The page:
I Was Surprised to Qualify for the COVID-19 Booster
I received two doses of the Pfizer COVID-19 vaccine, one in April and the other in May. With my limited medical and scientific knowledge, I thought those two shots would be the only ones I’d need for the foreseeable future, but I was wrong; the U.S. Food and Drug Administration amended its authorization to allow for a single booster shot.
Getting the vaccine earlier this year was easy and stress-free, and the vaccination site was well organized and welcoming. I did experience some side effects, including flu-like symptoms, body aches, and a sore arm. Nevertheless, I am glad I got the shots.
I’ve been in remission with myasthenia gravis (MG) for about five years. I’m not taking any medications for it, and I’m not experiencing any symptoms, either. Because I don’t feel the physical effects of MG in my day-to-day life, I sometimes forget it still lives within my body.
So, because I am feeling so well, I didn’t think I would qualify for the COVID-19 booster.
But my doctor strongly recommended I get it. The reasoning was that nothing could take away my MG, so I would always be considered high risk. Just because I am in remission doesn’t mean I am free of MG.
I received the booster shot last week. When I was at the same place in April, there were hundreds of cars. This time, I saw only a few. Things were quite different. But one thing that wasn’t different was the efficiency of the staff and the volunteers. They were knowledgeable and competent, yet kind and relaxed.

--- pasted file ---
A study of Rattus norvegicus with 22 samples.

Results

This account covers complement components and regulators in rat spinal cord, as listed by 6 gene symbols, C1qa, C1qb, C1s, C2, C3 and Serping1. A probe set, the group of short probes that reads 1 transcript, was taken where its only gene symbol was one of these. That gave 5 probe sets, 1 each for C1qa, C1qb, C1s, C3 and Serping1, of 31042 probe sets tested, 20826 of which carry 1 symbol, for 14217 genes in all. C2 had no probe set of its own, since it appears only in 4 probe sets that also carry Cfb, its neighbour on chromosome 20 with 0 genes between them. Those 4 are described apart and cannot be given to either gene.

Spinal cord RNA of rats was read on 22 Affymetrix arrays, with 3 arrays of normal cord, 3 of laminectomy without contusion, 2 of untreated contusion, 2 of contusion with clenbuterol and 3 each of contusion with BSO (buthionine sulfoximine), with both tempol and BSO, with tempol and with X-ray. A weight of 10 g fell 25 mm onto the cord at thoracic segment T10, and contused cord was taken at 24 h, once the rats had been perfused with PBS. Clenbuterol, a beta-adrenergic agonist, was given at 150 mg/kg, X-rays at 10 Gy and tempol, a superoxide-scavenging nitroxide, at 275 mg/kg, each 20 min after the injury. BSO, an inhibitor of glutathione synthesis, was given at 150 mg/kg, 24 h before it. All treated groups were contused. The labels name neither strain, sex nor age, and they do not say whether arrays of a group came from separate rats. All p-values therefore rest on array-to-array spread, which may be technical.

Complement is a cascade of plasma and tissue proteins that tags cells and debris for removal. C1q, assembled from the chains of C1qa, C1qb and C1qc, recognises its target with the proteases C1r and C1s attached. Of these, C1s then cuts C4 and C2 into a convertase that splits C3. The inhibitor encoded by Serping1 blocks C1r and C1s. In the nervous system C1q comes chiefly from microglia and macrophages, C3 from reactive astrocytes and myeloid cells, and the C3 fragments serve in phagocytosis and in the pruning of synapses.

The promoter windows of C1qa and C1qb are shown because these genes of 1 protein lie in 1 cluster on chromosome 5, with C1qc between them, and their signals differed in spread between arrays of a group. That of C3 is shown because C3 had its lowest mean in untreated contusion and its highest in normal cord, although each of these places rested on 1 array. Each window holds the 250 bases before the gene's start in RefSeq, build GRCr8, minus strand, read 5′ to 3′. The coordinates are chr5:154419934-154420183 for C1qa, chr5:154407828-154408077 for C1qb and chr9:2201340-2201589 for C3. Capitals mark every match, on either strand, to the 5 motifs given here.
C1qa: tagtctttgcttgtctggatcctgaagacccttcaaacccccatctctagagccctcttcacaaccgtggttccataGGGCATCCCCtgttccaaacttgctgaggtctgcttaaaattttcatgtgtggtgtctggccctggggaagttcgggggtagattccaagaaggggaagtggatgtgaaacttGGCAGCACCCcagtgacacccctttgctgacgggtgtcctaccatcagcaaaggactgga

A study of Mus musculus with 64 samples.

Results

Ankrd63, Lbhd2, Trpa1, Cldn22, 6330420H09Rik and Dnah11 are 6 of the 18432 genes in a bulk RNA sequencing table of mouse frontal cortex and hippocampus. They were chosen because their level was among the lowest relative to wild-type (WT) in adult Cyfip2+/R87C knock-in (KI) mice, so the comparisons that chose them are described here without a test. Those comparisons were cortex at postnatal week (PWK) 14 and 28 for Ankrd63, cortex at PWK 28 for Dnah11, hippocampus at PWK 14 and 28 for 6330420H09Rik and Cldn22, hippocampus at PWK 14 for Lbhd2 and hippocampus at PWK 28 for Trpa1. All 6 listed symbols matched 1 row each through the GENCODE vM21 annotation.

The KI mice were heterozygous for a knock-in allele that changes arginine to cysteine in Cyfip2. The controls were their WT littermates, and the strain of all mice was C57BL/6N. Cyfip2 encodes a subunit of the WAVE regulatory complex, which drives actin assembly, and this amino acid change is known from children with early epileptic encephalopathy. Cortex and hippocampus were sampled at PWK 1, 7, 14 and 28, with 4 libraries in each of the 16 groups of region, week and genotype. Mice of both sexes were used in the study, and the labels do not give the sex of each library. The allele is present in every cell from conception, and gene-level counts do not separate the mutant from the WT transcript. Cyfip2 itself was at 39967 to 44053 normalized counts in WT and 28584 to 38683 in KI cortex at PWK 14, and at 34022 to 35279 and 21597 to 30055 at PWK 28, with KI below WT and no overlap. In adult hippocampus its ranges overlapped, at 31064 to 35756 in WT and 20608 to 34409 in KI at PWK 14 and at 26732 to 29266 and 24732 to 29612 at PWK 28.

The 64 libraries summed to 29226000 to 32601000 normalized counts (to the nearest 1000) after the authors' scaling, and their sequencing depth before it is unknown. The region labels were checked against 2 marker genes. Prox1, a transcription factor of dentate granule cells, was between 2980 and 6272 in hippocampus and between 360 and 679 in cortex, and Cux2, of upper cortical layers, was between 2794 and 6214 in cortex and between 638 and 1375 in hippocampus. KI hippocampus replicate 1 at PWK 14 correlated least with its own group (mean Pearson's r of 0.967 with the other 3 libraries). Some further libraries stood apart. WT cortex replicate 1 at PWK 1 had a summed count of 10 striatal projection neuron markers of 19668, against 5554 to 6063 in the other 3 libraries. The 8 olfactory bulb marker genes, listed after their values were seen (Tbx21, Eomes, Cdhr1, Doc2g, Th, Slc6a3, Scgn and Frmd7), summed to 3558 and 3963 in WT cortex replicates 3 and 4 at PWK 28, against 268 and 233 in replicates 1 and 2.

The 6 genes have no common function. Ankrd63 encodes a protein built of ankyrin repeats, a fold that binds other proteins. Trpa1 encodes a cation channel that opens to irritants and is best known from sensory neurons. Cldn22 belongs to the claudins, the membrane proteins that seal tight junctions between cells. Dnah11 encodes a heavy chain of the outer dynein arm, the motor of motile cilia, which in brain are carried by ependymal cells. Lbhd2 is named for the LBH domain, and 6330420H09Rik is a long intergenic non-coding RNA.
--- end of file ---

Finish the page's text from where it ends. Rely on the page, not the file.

The booster shot was the same as it was last time: quick, a little painful, and mostly forgettable. The side effects, however, were a little bit stronger than before.
The day after my shot, I felt exhausted. I’m not one for taking naps, but I felt like I could have slept the day away. I expected some arm pain, but it felt like my right arm was trying to detach itself from my body. These effects lasted only 24 hours, and I felt like a new person the following day. Despite the side effects, I would definitely do it again.
Making the call about the booster shot also reinforced an important point for me: Although I don’t feel like I’m high risk, I am and always will be. I’m no longer taking 10 pills a day, but that doesn’t mean MG is out of my life. I must remember to always make decisions based on what I have, not on how I feel physically. MG should always be at the forefront of all of my health decisions, whether I feel any weakness or not.
Myasthenia Gravis News is strictly a news and information website about the disease. It does not provide medical advice, diagnosis or treatment. This content is not intended to be a substitute for professional medical advice, diagnosis, or treatment. Always seek the advice of your physician or other qualified health provider with any questions you may have regarding a medical condition. Never disregard professional medical advice or delay in seeking it because of something you have read on this website.